Henry Qualls

Henry Qualls (July 8, 1934 – December 7, 2003)[1] was an American Texas and country blues guitarist and singer. He found success late in his life after being "discovered" in 1993 by the Dallas Blues Society.[1][2][3] He released his only album in 1994 but toured globally playing at a number of festivals.

Henry Qualls
Birth nameJohn Henry Miles
Also known asHenry Lee Qualls
Born(1934-07-08)July 8, 1934
Elmo, Kaufman County, Texas, United States
DiedDecember 7, 2003(2003-12-07) (aged 69)
Dallas, Texas, United States
GenresTexas blues, country blues
Occupation(s)Musician, singer, songwriter
InstrumentsGuitar, vocals
Years active1950s–2003
LabelsDallas Blues Society

The Dallas Observer noted that "Qualls, whether unearthing obscurities from Jimmy Reed or Lowell Fulson or Blind Willie Johnson or bearing down upon his own material, is a purist's dream-come-true, attacking his 36 year-old guitar with a demon-fire ferociousness first heard in the playing of Son House and other blues masters long gone to hell."[3]

Life and careerEdit

According to the researchers Bob Eagle and Eric LeBlanc, Qualls was born John Henry Miles[4] in Elmo, Kaufman County, Texas, a small settlement forty miles east of Dallas.[3] He became known as Henry Lee Qualls as a child, after his mother married Scottie Moore Qualls.[4] He grew up in Cedar Grove, Texas, and later attended Wills Point High School. He learned the rudiments of the guitar, which he named Mabelene (variously Mabelline or Maybelline), from his grandmother. Qualls originally played gospel music at his local church.[5] In his youth, he was further instructed in guitar playing by Emmitt Williams, and he traveled to Dallas to watch Lightnin' Hopkins, Melvin "Lil' Son" Jackson, and Frankie Lee Sims in concert.[6]

In 1955 he married Ethel Mae Cooper, and together they had eleven children.[5] Qualls's own music career was mainly part-time, as he worked during the day ploughing fields around his lifelong home in Elmo, or else mowing lawns in Dallas.[1] Guitar Player magazine noted that Qualls's style often involved playing his guitar flat on his lap and using a Tabasco sauce bottle as a slide.[3] He also had a faltering style and erratic slide technique that AllMusic stated was "reminiscent of Willie "Smokey" Hogg, an artist who built a reputation on his incapacity to observe the formalities of 12-bar blues."[1] It was this slowly dying East Texas country blues sound that captured the attention of a senior from the Dallas Blues Society, when he first heard Qualls play outside his home. Qualls became a somewhat reluctant local star[1] and was amazed at the attention that was subsequently bestowed upon him.[3] Although almost sixty years old at the time, he was persuaded to record an album, Blues from Elmo, Texas, which was released in 1994. The collection included cover versions of songs written and originally performed by Hopkins and Jackson, plus Arthur "Big Boy" Crudup's "Death Valley Blues".[1] In addition it had Qualls's versions of such diverse songs as "Motherless Children", "I Shall Not Be Moved", the Newbeats' "Bread and Butter", and Lowell Fulson's "Reconsider Baby".[1] His work also appeared on the compilation albums Blues Across America – The Dallas Scene and Texas Blues Guitar Summit.[3]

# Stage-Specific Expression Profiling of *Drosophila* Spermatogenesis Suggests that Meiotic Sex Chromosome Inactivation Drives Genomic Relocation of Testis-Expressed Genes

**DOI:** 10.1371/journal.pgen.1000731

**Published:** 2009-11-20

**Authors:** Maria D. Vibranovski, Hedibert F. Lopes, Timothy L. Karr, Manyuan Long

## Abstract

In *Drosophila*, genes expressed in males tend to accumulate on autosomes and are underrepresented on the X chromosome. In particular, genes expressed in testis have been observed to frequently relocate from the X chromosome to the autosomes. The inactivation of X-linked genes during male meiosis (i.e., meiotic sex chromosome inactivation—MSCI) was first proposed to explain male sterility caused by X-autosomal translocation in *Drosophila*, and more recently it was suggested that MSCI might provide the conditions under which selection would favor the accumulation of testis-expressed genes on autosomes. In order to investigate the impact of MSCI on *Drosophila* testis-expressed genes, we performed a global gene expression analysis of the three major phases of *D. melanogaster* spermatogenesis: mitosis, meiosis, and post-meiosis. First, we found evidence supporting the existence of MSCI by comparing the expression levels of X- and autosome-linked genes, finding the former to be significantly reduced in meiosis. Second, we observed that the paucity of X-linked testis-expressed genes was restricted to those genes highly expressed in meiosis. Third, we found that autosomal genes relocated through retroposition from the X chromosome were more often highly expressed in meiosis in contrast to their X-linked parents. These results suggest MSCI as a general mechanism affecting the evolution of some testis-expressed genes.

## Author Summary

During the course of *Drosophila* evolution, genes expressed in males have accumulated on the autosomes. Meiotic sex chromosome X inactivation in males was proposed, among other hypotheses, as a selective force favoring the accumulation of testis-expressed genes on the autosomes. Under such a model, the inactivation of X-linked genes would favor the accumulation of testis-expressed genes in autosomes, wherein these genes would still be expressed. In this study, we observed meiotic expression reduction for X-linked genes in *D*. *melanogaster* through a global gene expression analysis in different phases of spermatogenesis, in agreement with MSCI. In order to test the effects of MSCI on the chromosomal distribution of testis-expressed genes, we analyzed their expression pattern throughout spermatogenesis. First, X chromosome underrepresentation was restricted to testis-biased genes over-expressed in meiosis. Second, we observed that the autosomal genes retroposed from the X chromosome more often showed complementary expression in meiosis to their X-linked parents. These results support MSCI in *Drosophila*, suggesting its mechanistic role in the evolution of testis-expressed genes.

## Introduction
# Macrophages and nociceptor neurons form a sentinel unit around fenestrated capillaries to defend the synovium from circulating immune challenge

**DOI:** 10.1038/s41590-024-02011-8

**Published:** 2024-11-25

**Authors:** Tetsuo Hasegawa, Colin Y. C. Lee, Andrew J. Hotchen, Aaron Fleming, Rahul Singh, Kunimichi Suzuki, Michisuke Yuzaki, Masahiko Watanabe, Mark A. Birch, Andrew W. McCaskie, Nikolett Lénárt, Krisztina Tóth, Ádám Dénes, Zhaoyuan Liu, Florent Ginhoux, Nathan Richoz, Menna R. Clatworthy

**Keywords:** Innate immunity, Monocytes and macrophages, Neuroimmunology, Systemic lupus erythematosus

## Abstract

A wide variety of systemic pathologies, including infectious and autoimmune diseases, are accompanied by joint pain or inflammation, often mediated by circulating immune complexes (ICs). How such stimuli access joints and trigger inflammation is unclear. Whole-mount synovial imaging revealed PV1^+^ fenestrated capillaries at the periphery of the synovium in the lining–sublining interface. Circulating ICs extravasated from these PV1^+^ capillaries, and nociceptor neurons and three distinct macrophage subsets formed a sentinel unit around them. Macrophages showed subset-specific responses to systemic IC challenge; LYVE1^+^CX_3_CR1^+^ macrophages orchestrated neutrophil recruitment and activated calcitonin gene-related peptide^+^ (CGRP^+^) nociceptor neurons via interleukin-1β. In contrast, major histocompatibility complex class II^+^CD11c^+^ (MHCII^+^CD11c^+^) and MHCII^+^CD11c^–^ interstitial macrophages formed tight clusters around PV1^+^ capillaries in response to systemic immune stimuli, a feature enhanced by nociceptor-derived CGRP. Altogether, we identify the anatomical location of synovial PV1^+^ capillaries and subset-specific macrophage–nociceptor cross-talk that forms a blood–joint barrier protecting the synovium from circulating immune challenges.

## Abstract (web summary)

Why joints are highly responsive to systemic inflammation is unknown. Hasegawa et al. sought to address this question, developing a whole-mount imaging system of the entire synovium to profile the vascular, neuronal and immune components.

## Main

As a result of this exposure, Qualls performed at the Utrecht Blues Festival, where Juke Blues noted he was a surprise hit.[3] This led to engagements across Europe and the United States, including performances at the Long Beach Blues Festival (1996), the Chicago Blues Festival, and the King Biscuit Blues Festival. Despite this newfound success, Qualls continued to live in a house next to the Texas and Pacific Railway line in Elmo. He occasionally performed in Deep Ellum and Fort Worth, but generally he hated the urban environment. His rapid rise to fame is chronicled in the book In Search of the Blues: A Journey to the Soul of Black Texas.[7]

On December 7, 2003, Qualls died in a hospital in Dallas of complications from intestinal surgery, at the age of 69. He was buried in Fairview Cemetery in Elmo. He was survived by his wife, Ethel, and nine children.[5]


Year Title Record label
1994 Blues from Elmo, Texas Dallas Blues Society


See alsoEdit


  1. ^ a b c d e f g "Henry Qualls: Biography". AllMusic.com. Retrieved 2017-01-10.
  2. ^ Christensen, Thor. "Henry Qualls: East Texas Country-Blues Singer Found Success Late in Life". Dallas Morning News.
  3. ^ a b c d e f g "Henry Lee Qualls (1934–2003)". Findagrave.com. Retrieved 2017-01-10.
  4. ^ a b Eagle, Bob; LeBlanc, Eric S. (2013). Blues: A Regional Experience. Santa Barbara, California: Praeger. p. 296. ISBN 978-0313344237.
  5. ^ a b c "Henry Qualls Obituary". Legacy.com: Dallas Morning News. Retrieved 2017-01-10.
  6. ^ Colin Larkin, ed. (1995). The Guinness Who's Who of Blues (Second ed.). Guinness Publishing. p. 297. ISBN 0-85112-673-1.
  7. ^ Minutaglio, Bill (March 2010). In Search of the Blues: A Journey to the Soul of Black Texas. pp. 138–140. ISBN 9780292778566. Retrieved 2017-01-10.
  8. ^ "Henry Qualls, Blues from Elmo, Texas: Songs, Reviews, Credits". AllMusic.com. 1995-11-22. Retrieved 2017-01-10.